Downloading PDF. Please wait... Issue 2376

Do migrants take jobs and lower wages?


Eight eastern European countries joined the EU in 2004—the Czech Republic, Estonia, Hungary, Latvia, Lithuania, Poland, Slovakia and Slovenia. 

Romania and Bulgaria joined in 2007, but faced restrictions on the ability of their citizens to work in other EU countries. These will be lifted at the start of next year.

Some 560,000 migrants came to Britain in the two years from 2004. It had no measurable impact on wages. 

Indeed wages rose for low-skilled and low-paid workers by more than in previous years. These are the people who are supposed to suffer from competition from migrants.

In this period immediately following 2004 wages for migrant workers fell. 

But surveys show this reflected a shift away from higher paid workers from Western Europe coming to Britain rather than wages falling for particular jobs.

The period of highest migration from eastern European countries was the boom years between 2004 and 2008.

Wages overall rose for both migrants and British-born workers in that period. In the recession that followed wages fell for both groups. 

The biggest factor on wages and conditions was not whether a workplace employed migrants, but whether it had trade union organisation.


It is hardly surprising that the Tories keep pedalling the myth that migrants drive down wages. But it is shameful that Ed Miliband and the Labour Party often echo it.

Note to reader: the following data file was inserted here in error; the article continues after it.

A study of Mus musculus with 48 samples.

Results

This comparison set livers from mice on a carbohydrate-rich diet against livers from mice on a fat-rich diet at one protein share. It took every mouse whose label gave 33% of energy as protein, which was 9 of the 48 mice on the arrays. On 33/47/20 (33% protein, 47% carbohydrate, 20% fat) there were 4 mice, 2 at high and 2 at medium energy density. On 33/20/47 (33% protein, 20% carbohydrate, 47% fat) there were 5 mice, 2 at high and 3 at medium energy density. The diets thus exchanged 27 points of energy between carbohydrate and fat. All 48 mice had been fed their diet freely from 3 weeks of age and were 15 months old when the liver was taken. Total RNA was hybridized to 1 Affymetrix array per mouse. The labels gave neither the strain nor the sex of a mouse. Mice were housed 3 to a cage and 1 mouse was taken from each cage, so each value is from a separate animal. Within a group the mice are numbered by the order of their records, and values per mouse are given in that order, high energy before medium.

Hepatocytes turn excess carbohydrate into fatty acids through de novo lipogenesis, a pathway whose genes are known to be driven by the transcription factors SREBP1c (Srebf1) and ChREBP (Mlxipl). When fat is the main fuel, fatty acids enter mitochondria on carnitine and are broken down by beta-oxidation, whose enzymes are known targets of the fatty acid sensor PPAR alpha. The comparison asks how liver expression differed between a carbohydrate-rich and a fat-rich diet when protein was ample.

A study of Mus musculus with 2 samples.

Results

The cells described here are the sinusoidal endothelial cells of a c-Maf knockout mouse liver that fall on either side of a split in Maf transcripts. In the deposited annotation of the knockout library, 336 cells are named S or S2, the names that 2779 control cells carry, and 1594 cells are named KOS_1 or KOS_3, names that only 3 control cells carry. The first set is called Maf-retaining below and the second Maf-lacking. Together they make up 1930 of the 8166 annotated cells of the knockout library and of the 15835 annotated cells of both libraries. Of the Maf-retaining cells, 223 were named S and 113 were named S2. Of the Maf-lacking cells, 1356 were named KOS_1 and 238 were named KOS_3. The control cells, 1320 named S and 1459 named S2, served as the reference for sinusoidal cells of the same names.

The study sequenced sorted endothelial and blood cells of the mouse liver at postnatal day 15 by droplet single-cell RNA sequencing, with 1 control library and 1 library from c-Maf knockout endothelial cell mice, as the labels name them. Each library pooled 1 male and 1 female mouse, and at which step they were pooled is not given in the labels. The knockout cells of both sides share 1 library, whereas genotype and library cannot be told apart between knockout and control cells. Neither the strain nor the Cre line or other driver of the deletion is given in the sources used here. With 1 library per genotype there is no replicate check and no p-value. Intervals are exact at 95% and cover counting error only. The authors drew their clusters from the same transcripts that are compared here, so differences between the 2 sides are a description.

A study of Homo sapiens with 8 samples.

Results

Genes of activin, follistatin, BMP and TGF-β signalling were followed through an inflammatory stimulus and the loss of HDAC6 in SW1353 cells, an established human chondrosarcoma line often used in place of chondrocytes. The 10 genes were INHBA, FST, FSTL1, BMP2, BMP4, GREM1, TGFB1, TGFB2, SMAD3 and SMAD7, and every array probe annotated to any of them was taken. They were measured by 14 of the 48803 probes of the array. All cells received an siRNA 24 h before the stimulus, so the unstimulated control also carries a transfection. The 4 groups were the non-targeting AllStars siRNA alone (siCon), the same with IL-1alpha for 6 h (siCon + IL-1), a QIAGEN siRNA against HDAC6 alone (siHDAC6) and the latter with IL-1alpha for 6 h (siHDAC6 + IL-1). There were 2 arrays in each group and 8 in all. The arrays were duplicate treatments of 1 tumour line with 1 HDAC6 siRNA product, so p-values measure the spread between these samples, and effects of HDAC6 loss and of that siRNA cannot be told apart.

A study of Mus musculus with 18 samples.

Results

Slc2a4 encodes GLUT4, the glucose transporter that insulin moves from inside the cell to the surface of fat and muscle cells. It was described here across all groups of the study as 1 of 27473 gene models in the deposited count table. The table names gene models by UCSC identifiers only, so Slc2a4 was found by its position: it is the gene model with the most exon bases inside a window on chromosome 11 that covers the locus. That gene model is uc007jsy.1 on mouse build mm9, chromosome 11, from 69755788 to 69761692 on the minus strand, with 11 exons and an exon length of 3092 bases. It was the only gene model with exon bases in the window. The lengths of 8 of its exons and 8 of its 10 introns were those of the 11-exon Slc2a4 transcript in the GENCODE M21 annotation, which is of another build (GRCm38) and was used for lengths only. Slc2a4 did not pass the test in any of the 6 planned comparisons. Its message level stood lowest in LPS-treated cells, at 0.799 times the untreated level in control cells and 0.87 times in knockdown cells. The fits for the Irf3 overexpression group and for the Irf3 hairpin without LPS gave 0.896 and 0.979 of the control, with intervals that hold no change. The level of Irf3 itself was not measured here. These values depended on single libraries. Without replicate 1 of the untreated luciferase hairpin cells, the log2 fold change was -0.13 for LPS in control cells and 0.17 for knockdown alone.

One of the most common myths is that migrants cause unemployment by taking jobs that could have gone to someone else. 

But the number of jobs available is not fixed. Jobs are created and snatched away by bosses.

Figures show that workers migrate when there are jobs available, as there were in Britain in 2004. Fewer people come when the number of jobs goes down.

Ed Miliband argues that migrants put “pressures on scarce resources such as housing and schools”. But migrants make much less use of public services—and pay more taxes to fund them.

In 2008-9, eastern European migrants made up 0.91 percent of the population. 

But they accounted for just 0.6 percent of public spending—while paying 0.96 percent of the total tax collected. They paid an estimated 1.3 percent of all VAT.

The idea that migrants just come over and go on the dole is far from the truth. Many work in public services.

 In fact migrants are 60 percent less likely to claim state benefits than people born in Britain. They are also 58 percent less likely to live in social housing. 

This is not something to celebrate. The welfare state should be there for everyone, whatever country they were born in.